Motorola, Plastics Company Sued for Toxic Exposure in the Workplace

Motorola employees recently filed suit for their exposure to toxic substances in manufacturing facilities, resulting in birth defects to their children and other conditions. Another suit was filed by a man employed in the plastics industry after he was diagnosed with leukemia. Toxic exposure lawyers at Pintas & Mullins Law Firm detail these two cases and others like it we are currently handling.

About 13 plaintiffs are currently joined in the Motorola suit, claiming that the company routinely ignored scientific research and government warnings about the safety of various chemicals in its manufacturing facilities. Because of its negligence, Motorola employees were exposed to various toxic substances such as arsenic, radiation, ethylene glycol ethers, and fluorine compounds.

This is the fifth toxic exposure lawsuit filed against Motorola since 2011. This specific lawsuit claims the exposure caused birth defects such as hearing loss, asthma, Down syndrome, and ADHD among other conditions. The plaintiffs worked at Motorola's manufacturing facilities at various times from 1965 to 2001.

The employees claim Motorola provided them with protective equipment solely to safeguard the semiconductor products from outside particulate matter, rather than to protect employees from chemical exposure. They claim the company neglected to properly train employees and to install proper ventilation systems.

Semiconductor manufacturing is an inherently dangerous occupation, as evidenced by mountains of research dating back to the 1980s. Various industry groups and government agencies have issued warnings about the dangers to reproductive health in semiconductor manufacturing. Plaintiffs seek damages for medical care, lost income, emotional distress, caretaking costs, and other injuries.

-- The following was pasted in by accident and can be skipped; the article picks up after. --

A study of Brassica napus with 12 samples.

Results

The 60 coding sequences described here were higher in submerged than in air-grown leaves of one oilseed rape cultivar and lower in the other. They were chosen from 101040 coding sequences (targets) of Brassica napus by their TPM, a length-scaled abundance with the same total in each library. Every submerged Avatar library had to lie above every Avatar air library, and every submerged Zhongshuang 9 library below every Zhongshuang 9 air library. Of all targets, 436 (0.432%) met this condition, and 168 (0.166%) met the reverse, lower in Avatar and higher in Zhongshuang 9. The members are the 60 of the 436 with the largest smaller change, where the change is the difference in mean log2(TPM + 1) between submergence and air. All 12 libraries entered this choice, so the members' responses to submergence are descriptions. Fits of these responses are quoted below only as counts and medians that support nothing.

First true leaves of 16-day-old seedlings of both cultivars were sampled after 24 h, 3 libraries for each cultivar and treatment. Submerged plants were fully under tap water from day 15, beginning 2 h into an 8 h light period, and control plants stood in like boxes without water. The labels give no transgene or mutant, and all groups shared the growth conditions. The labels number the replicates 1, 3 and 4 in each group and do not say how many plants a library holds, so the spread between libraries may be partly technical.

Plastics Industry and Leukemia

The other lawsuit was filed by a man who spent nearly three decades working for Penn Tube Plastics and Plastomer Products and subsequently developed acute myeloid leukemia, which is cancer of the blood and bone marrow. The man and his wife sued the manufacturing plants' parent companies, along with DuPont and Exxon Mobil for supplying the toxic solvents he used during his job.

He claims he was exposed to many different substances during his career, including benzene, petroleum solvents, and naphtha, and that he was never provided protective equipment. He claims the companies never warned about the health risks of these chemicals, which were inherently dangerous and could have been made safer.

Lawsuits centered on toxic exposure in the workplace generally rely on whether or not the chemical manufacturers properly warned about the chemicals' dangers, and whether or not the employer followed guidelines from the Occupational Safety and Health Administration.

Despite the massive and irrefutable evidence on the health risks of certain substances, many employers still neglect to properly warn and protect their workers from exposure. Benzene, asbestos, lead and radiation remain major risks in manufacturing industries, leading to cancer and other life-threatening illnesses.

A similar lawsuit recently settled in Philadelphia. The case was brought by the widow of a man who died from his workplace exposure to benzene. She sued U.S. Steel Corp, Exxon Mobil, DuPont, and others, eventually winning settlements for his death.

Our team of toxic substance lawyers is currently accepting cases of serious injury or death from benzene, asbestos, lead, perchlorate and other chemicals. If you or someone you love suffers from dangerous exposure in the workplace, contact our firm immediately. We offer free case reviews to concerned workers and their families nationwide.